Liquidation sales will begin on Sept. 22, and the stores will close their doors in mid-December, according to a person familiar with the closings who did not want to be named because they were not allowed to say so publicly.
According to a list published by Business Insider, most Georgia stores will escape closure. Only one -- in Augusta, Ga. -- is slated to close, the list states. Kmart's website lists 19 stores currently operating in the state, with a few in the metro area.
It is the latest round of cuts by the retailer. Its parent company Sears Holdings said in April that it would close 68 Kmarts this summer. Both Sears and Kmart have had a difficult time remaining profitable and competitive in a retail environment increasingly dominated by mass marketers and e-commerce sites.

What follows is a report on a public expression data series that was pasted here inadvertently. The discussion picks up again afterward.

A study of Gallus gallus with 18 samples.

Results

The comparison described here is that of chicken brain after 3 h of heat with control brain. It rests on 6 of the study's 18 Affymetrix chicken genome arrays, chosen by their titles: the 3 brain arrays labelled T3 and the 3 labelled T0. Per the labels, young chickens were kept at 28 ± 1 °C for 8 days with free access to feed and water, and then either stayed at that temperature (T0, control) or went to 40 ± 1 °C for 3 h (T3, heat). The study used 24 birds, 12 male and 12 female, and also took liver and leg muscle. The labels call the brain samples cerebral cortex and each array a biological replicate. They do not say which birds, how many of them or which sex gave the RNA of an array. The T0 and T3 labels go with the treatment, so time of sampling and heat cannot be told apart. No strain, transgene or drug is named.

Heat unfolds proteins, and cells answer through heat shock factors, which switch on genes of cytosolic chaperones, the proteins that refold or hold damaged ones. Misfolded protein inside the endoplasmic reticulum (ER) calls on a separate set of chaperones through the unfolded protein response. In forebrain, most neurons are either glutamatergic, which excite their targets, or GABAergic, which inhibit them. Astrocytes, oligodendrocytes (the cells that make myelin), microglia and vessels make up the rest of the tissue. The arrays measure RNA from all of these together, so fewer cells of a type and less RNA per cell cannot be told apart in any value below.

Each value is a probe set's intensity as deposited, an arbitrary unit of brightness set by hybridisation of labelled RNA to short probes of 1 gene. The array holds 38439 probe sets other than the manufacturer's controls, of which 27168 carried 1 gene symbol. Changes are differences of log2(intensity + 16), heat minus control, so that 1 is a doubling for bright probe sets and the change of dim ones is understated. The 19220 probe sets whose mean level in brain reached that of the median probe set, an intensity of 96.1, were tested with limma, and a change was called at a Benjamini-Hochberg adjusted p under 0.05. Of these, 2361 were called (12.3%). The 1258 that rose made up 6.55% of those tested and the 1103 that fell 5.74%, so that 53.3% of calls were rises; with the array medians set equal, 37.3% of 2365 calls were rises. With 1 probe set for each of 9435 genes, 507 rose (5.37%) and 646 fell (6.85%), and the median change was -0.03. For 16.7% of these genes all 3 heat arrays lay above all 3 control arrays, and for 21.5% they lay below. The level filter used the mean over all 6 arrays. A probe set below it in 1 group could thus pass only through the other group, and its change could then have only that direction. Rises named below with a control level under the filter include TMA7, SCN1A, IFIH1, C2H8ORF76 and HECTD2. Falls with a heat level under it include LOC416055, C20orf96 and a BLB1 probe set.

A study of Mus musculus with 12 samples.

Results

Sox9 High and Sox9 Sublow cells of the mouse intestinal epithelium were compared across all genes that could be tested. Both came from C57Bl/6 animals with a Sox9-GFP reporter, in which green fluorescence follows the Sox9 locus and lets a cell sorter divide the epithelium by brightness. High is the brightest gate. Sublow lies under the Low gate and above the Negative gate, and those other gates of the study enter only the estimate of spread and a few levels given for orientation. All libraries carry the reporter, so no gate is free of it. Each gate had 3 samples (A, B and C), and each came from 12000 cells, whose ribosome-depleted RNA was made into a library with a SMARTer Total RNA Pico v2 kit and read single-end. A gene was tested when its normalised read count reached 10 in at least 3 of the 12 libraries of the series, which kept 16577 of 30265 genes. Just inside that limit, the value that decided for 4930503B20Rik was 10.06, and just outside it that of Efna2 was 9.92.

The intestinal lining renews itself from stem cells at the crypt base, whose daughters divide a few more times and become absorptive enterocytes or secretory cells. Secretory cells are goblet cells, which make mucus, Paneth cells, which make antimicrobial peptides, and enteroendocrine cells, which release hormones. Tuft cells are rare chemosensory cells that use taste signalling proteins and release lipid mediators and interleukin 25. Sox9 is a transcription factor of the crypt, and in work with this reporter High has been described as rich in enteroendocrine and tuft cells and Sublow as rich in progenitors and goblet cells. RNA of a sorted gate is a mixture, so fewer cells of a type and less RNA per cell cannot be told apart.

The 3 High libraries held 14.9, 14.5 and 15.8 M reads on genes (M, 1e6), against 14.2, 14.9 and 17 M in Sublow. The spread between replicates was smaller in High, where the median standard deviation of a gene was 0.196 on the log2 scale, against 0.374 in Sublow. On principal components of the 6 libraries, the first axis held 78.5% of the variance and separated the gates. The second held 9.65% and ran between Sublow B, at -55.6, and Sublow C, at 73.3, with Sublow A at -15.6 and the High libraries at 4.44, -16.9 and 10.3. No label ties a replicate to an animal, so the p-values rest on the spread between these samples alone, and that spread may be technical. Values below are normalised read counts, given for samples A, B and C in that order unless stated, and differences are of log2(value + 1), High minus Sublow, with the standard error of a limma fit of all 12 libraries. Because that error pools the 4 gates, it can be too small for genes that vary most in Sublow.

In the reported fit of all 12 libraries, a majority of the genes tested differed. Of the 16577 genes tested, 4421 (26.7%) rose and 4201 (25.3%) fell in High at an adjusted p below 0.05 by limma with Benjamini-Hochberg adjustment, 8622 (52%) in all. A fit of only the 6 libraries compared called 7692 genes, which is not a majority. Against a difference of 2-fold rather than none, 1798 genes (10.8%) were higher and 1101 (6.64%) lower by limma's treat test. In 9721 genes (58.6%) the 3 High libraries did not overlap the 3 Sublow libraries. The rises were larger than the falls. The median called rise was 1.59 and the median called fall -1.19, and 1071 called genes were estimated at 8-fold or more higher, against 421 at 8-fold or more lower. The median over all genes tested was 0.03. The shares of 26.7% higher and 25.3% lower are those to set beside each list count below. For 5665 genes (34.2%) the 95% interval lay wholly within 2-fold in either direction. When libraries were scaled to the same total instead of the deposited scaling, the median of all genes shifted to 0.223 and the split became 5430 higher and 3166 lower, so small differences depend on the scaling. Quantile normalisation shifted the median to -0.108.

The latest closures include 17 stores that were among 235 sold last year by Sears Holdings to Seritage. The deal included a provision that allowed Sears Holdings to lease those locations back from Seritage, but to have the option to vacate the lease if the store was losing money.
"As such, we have informed Seritage that we will soon be exiting 17 Kmart stores,'' says Sears Holdings spokesman Howard Riefs. "We have been strategically and aggressively evaluating our store space and productivity, and will be accelerating the closing of unprofitable stores as we have previously announced.''
Kmart and Sears are hardly the only traditional brick and mortar retailers who are struggling. Macy's said last month that it would close 100 of its 675 full line locations because of dwindling profits. Sports Authority is shutting all of its 460 stores after filing for Chapter 11 bankruptcy. And Walmart said in January that it was shuttering 269 locations across the globe.